Conservative MP Paul Calandra will not face an investigation by Ethics Commissioner Mary Dawson despite attending two fundraisers that may have been in conflict of interest.
The two fundraisers were hosted by people connected to bids for a Toronto radio station. At the time, Calandra was the Parliamentary Secretary to the Minister of Canadian Heritage. The Canadian Radio-Television Telecommunications Commission (CRTC) is the agency that would accept bids for the station and is under the umbrella of Heritage.
Dawson said she wouldn’t investigate because the rules are murky. She says Parliament needs to bring in clearer laws about the rules concerning lobbying and political donations. The rules, as they stand, say no member “shall personally solicit funds from any person or organization if it would place the public office holder in a conflict of interest.” Dawson says her problem with clarity comes with the word ‘personally.’ She told the Globe and Mail that this seems to indicate that she must have evidence that the MP in question asked for a donation directly. With MP staff and members of the riding association, that situation seems highly unlikely.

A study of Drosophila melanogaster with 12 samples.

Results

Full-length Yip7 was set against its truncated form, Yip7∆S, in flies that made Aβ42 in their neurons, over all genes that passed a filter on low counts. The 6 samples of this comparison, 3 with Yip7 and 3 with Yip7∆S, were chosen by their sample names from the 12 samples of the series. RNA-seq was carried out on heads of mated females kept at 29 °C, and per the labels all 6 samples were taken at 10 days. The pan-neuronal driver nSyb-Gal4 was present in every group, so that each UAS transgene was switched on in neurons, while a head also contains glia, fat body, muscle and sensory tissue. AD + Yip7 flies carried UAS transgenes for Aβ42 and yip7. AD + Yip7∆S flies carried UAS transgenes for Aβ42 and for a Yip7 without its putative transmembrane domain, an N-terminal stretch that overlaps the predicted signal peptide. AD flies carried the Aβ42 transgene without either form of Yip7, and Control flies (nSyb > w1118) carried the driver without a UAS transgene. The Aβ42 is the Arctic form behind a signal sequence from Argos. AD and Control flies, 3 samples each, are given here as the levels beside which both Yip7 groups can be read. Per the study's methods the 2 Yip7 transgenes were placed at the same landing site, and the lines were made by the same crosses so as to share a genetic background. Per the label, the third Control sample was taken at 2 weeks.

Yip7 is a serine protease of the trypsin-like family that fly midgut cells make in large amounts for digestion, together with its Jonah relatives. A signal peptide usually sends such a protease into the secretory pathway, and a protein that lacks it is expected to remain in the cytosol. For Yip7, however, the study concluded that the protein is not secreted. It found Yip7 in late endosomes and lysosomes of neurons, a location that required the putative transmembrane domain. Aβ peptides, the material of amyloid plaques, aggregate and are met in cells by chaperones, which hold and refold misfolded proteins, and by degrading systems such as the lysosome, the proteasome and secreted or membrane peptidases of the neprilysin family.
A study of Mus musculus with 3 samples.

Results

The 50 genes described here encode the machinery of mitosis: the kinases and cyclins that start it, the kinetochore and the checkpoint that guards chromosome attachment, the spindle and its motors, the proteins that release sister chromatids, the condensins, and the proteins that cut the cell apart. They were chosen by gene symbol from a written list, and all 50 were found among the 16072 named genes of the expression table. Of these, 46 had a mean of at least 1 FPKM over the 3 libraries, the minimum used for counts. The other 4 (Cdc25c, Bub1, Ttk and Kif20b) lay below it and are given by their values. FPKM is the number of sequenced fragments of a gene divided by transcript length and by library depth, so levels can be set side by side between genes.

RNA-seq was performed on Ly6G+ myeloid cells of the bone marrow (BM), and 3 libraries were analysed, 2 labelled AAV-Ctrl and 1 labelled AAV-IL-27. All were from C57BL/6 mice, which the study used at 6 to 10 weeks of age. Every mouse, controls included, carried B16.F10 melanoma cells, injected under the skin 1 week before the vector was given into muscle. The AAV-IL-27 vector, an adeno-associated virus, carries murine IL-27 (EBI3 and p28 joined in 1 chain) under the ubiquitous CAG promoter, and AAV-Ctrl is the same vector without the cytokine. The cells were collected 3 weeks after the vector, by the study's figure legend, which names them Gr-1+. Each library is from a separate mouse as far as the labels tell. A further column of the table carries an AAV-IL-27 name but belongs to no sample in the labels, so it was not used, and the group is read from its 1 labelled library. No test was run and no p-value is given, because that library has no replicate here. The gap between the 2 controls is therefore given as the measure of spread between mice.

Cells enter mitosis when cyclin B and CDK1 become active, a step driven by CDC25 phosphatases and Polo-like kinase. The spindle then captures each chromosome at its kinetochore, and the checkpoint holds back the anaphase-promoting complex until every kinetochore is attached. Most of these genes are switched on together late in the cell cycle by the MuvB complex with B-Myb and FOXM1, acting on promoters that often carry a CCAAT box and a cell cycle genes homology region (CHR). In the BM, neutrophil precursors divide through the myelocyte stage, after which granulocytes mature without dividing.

One of the businessmen involved, Stan Antony, says he was encouraged to attend the fundraiser and to donate, but does not say Calandra was involved in this encouragement.
The Prime Minister’s Office has their own rules concerning conflict of interest and the appearance of conflict, but those rules are not under Dawson’s authority.